Published in Mint on, May 21 2013, Written By Kapil Mehta
I own a small convenience store in Mumbai. Please tell me what all are included in shopkeeper’s insurance. How important is it to have such a policy?
Shopkeeper’s insurance is a standard pre-packaged insurance policy which is relevant for convenience. Two key risks are always covered: damage to the shop structure and contents due to fire, earthquake, flooding or malicious damage; and burglary. Additionally, you can insure for theft of money, damage to your signboard, embezzlement by your staff or injury to third parties on your premises.
A sum assured of Rs.10 lakh will cost less than Rs.10,000 per annum and cover you for a large bouquet of risks. Many insurers, particularly the public sector general insurers, have proposal forms with standard rates on their websites. You can select the risks and sum assured most applicable to you and procure the insurance from the insurer’s branch. If the sum at risk in your store is more than Rs.20 lakh then you could consider approaching a broker.
An insurance agent told me that my personal accident policy (of Rs.4 lakh) is not enough and that I should opt for a comprehensive policy. Is he right? If so, what is the sum assured that I would require?
Personal accident policies can cover five risks—death due to accident, total and permanent disability, partial and permanent disability, temporary total disability and medical expenses. I suspect that your insurance covers just accidental death whereas the full value of a personal accident insurance is in procuring the entire set of covers. The approach to determining the sum assured is identical to that in term life insurance—it should be about 10 times your annual income. The sum assured for medical expenses is typically lower. A Rs.10 lakh cover will cost you less than Rs.5,000 per year.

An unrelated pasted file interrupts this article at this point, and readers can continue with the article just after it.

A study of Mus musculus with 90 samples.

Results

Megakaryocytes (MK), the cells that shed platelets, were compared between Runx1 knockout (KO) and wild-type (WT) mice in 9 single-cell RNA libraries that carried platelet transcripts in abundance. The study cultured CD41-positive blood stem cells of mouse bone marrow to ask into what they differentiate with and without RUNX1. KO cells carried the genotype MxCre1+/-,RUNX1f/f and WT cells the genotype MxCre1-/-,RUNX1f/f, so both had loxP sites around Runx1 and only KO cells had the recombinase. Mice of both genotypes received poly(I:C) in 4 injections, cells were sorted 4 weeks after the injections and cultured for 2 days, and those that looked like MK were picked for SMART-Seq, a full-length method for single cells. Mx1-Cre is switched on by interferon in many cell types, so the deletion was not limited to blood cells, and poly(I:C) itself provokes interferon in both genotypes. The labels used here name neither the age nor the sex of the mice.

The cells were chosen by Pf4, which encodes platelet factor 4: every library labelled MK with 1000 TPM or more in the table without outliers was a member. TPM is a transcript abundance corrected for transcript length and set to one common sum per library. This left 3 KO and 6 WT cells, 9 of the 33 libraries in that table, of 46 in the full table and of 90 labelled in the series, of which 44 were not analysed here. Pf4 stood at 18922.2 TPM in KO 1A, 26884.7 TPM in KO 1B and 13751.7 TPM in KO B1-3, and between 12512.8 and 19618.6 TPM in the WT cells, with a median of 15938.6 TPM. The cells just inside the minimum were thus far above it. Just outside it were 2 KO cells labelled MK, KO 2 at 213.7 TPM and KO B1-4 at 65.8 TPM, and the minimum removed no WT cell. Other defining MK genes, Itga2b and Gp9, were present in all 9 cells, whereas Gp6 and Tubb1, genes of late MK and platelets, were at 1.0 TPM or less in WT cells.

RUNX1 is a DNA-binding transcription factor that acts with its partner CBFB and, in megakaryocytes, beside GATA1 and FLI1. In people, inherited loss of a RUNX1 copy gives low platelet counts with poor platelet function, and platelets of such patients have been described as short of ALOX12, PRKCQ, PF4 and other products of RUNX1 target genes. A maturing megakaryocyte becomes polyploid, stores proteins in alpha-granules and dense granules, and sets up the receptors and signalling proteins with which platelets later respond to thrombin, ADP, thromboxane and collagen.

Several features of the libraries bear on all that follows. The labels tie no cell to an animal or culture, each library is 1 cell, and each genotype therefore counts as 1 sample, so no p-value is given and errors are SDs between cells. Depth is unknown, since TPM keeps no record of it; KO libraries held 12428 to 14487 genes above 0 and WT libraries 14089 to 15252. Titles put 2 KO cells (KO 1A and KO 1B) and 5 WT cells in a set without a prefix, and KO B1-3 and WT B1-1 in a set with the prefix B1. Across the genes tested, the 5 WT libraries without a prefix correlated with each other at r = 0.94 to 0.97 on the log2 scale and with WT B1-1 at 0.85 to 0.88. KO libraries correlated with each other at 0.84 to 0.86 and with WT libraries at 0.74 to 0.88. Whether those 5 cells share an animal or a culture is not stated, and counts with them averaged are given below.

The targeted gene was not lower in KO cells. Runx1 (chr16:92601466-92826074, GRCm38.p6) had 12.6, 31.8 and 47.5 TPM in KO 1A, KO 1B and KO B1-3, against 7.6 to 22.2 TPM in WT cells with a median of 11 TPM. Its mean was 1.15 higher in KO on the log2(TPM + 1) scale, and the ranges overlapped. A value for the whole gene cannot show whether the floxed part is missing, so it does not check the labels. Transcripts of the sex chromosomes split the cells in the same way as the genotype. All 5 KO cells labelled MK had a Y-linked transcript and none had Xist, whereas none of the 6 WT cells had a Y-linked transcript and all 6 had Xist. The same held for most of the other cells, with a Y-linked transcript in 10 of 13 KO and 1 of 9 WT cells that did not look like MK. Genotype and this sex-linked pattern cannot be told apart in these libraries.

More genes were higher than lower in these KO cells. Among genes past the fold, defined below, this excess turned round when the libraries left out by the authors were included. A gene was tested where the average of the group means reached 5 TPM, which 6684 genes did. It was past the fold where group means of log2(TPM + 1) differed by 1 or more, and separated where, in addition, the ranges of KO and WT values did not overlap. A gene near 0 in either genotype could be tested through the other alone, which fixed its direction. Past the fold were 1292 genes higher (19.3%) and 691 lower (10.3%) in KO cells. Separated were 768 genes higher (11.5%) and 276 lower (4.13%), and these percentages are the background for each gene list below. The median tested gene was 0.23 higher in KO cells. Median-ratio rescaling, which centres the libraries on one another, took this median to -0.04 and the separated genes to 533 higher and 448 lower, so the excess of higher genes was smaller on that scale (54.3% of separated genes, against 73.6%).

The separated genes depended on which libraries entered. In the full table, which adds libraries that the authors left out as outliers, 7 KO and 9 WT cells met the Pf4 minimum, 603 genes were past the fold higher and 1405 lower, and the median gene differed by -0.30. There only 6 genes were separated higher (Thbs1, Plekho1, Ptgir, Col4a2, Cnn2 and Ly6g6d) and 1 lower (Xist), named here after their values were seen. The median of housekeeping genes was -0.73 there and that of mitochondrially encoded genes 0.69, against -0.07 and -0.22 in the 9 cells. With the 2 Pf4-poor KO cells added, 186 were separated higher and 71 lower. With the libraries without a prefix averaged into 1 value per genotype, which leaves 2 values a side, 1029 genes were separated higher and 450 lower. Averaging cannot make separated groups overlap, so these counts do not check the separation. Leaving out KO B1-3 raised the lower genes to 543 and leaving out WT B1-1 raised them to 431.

I am likely to be hospitalized for surgery soon. What is the process for cashless payment? How can I ensure that I leave the hospital fast after the surgery and not wait for approvals?
Send an email or call the insurer’s customer care before getting admitted. When you go to the hospital make sure that you have the doctor’s notes prescribing surgery as well as your photo identification. Hand these documents to the third-party administrator (TPA) or insurance desk at the hospital and they will liaison with the insurer for approval.
In practice this process of approval can be quite laborious and you will need to regularly follow up with the TPA desk to determine the approval status. Call the insurer directly so things move faster. Quite often the insurer or hospital will encourage you to pay the bill and claim a reimbursement from the insurer later. Avoid that if possible.